Awhile back, I painted a series of small square panels in acrylic depicting a favorite scene along a road in Floyd County. The very first painting was actually larger, double in size, but I found that I was really only interested in the center composition, so I took that basic composition and painted several variations both in lighting and color to play around with the possibilities. Since I don't have the image of the first painting that inspired these smaller ones yet, I thought I'd go ahead and share these and hopefully later I will be able to show that first composition.
Although the first painting was completed on site, these smaller paintings were created in the studio. Since I had the basic composition in place as the bones of each piece, I decided to paint more from my impressions of having seen this view in various times and lighting--to give more of my response to the memory of the landscape than just a record of the landscape itself.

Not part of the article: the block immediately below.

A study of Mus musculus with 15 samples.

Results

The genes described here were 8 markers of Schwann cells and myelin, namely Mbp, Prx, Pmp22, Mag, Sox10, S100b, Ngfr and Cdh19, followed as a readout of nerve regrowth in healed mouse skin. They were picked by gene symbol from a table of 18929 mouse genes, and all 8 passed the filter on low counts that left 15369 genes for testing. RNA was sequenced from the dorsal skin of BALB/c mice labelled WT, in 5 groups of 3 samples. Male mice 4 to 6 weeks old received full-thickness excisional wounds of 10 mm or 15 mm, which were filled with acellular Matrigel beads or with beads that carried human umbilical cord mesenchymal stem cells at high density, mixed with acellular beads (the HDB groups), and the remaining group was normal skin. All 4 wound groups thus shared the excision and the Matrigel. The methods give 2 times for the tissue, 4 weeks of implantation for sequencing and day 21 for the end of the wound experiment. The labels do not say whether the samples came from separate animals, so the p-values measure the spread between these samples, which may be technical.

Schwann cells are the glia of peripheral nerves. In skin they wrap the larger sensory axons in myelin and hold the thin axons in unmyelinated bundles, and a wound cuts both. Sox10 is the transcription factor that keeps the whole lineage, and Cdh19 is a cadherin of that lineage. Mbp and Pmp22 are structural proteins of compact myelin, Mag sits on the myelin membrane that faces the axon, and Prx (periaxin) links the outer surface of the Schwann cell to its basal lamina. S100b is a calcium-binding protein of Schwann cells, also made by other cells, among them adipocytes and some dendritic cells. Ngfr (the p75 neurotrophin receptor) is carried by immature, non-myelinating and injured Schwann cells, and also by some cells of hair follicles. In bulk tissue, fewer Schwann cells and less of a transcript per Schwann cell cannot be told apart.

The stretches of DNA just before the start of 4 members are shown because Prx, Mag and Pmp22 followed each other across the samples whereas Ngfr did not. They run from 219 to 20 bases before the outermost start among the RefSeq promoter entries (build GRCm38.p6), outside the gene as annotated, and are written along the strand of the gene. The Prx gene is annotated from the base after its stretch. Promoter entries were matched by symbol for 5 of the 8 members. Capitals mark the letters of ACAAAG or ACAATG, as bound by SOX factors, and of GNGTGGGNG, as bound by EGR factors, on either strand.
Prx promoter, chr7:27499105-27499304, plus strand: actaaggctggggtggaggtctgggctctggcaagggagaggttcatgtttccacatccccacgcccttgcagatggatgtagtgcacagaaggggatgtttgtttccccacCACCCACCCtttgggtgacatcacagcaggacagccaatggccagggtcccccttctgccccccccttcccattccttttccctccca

Here I was looking for a very warm, nostalgic feel to the scenery. I call this my happy little painting. Though it may be difficult to tell from this photo, the surface of the painting is highly textured. Sometimes I will take charcoal, or sometimes even just a pencil, brush handle, or small stick, and draw in the gesso while it is still wet. Since I like at least four layers of gesso, I would brush on the first two thinly, then the next two (or more) rather liberally, so as to allow for the ridges and designs to be felt when the gesso dried. During the actual painting process, I would do quite a bit of layered dry brushing over these ridges to give more of a sense of movement to the landscape, to give more interest to the surface rather than just the image.
This detail shows the texture a little better. I don't always use this approach, but with a landscape I do enjoy a certain sense of energy to the painting, because when you stand out in a field or near a stream or study a tree, there is always the sense of life surrounding you. Sometimes I will try to portray this movement through a highly gestural under-painting that shows through in many nooks and crannies in the final piece, sometimes it's through the brushstrokes themselves, sometimes both and then some. Why make dead paintings of living scenes? Why not try to add or capture some sense of the movement and wonder you feel when you are actually there? I'm not always successful with this, but hey, it's painting, it's supposed to be fun, creative and playful.